You should repeat the procedure on a daily basis until such time as you experience absolutely no emotional response whatsoever. When you can create images and thoughts of a mouse and remain detached, a witness, then you have essentially exhausted your fear. If you wish you can test whether or not the fear still remains by actually facing the object in the outside world. This is your choice. If the fear is still there, then of course you must continue with the practice until the object is no longer a disturbance in your life. The same procedure can and should be repeated with any fear that is known to you. It can be fear of the opposite sex, of heights, of darkness or any phobia in fact that you can think of.
The rationale of this technique is simple, namely that people are less likely to react emotionally to objects that are normally objects of fear, if the objects are confronted in states of relaxation. In everyday life one would jump when confronted with the frightening object, but during relaxation the emotional reaction is either lessened or nullified. In a sense the fear is overcome and the ability to face the object during a period of relaxation carries over into daily life. This technique is commonly used by psychiatrists in the following manner.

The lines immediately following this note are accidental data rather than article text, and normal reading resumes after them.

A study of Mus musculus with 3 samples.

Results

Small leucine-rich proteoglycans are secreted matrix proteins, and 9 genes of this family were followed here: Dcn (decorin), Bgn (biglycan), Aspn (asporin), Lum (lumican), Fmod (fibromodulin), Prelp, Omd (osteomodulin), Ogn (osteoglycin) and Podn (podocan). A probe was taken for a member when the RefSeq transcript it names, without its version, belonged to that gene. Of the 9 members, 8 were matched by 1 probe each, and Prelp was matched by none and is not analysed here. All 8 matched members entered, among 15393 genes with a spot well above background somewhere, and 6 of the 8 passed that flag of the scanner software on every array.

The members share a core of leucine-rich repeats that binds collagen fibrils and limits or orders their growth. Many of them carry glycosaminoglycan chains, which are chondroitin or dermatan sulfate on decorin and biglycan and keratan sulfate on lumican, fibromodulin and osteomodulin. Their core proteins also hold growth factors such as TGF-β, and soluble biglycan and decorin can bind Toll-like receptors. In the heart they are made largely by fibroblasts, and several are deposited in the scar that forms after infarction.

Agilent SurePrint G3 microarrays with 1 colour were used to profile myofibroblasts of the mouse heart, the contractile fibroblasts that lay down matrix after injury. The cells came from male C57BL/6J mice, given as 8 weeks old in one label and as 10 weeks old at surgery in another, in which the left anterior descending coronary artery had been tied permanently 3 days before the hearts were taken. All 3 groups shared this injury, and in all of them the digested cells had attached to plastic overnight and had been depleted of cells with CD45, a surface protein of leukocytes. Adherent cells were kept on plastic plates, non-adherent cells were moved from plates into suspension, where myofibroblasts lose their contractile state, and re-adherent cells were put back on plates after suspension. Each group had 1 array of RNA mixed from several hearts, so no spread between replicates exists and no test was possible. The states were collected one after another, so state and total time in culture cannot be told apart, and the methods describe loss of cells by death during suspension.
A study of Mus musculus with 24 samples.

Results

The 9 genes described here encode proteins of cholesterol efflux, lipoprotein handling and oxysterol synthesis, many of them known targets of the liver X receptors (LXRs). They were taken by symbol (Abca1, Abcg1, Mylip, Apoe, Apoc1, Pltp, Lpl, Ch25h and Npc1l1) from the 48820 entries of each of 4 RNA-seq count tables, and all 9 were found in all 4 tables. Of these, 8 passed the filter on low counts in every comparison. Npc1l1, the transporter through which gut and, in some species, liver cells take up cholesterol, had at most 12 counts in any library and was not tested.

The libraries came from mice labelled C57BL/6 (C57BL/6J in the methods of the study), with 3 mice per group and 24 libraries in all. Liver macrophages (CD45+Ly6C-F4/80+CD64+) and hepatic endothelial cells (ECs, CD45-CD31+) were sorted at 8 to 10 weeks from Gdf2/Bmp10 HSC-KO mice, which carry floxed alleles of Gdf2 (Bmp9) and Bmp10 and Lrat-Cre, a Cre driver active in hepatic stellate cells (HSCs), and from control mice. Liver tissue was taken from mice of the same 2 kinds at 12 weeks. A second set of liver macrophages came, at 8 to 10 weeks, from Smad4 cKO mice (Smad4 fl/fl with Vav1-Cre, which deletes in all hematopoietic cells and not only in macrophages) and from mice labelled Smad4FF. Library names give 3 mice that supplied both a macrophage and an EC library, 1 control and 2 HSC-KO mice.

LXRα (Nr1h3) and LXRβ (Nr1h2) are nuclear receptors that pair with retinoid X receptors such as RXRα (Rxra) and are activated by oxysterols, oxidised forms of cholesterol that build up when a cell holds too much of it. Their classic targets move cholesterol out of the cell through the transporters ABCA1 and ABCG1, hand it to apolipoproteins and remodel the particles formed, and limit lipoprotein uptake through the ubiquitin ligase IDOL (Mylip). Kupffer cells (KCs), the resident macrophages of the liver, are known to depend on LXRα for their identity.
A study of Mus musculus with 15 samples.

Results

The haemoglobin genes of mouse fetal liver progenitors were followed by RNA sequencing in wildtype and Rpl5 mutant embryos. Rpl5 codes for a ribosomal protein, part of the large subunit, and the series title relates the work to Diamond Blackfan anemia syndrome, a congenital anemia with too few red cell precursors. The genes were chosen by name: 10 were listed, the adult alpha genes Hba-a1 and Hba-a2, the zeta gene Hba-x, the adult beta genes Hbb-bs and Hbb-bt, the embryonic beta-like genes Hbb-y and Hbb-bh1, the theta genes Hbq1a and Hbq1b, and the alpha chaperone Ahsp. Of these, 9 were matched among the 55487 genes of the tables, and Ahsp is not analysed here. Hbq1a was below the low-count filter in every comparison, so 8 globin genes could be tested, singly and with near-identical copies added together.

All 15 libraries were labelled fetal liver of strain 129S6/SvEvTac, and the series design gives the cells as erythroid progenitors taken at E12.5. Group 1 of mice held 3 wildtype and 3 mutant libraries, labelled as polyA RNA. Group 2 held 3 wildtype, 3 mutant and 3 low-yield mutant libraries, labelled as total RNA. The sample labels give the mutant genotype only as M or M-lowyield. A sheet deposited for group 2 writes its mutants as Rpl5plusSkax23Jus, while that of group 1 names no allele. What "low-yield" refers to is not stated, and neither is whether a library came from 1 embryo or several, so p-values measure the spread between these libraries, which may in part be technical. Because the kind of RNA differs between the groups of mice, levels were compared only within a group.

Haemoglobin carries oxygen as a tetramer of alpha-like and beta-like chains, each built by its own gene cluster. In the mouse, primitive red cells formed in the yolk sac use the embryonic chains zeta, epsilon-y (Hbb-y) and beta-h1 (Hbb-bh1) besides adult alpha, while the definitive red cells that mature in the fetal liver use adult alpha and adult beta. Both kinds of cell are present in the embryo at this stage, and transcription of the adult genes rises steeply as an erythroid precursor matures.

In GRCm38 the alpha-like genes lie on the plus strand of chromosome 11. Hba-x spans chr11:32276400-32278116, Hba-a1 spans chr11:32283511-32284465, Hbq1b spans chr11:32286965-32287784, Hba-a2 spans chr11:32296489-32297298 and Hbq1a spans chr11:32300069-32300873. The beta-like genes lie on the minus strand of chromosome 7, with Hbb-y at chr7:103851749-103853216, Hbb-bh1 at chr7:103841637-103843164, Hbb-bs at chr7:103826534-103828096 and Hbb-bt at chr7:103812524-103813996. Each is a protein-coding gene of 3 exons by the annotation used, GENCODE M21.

A patient acknowledges that he is afraid of something, perhaps lizards. The psychiatrist systematically relaxes the patient. Then the psychiatrist shows the patient a picture that illustrates the fear, in this example a photograph or drawing of a lizard, or describes a vivid picture of a lizard, which the patient tries to visualize. Instead of reacting with fear the patient is calmer and is shown that the lizard can be faced and that it need not always be an object of dread. From this, the patient eventually becomes able to face lizards in the outside world. The system in yoga is the same but the individual must be his own psychiatrist.
This method is an excellent tool in exhausting mental problems and their accompanying emotions, and is a good supplement for meditational techniques. The reader is recommended to use it widely to combat the more obvious, conscious fears.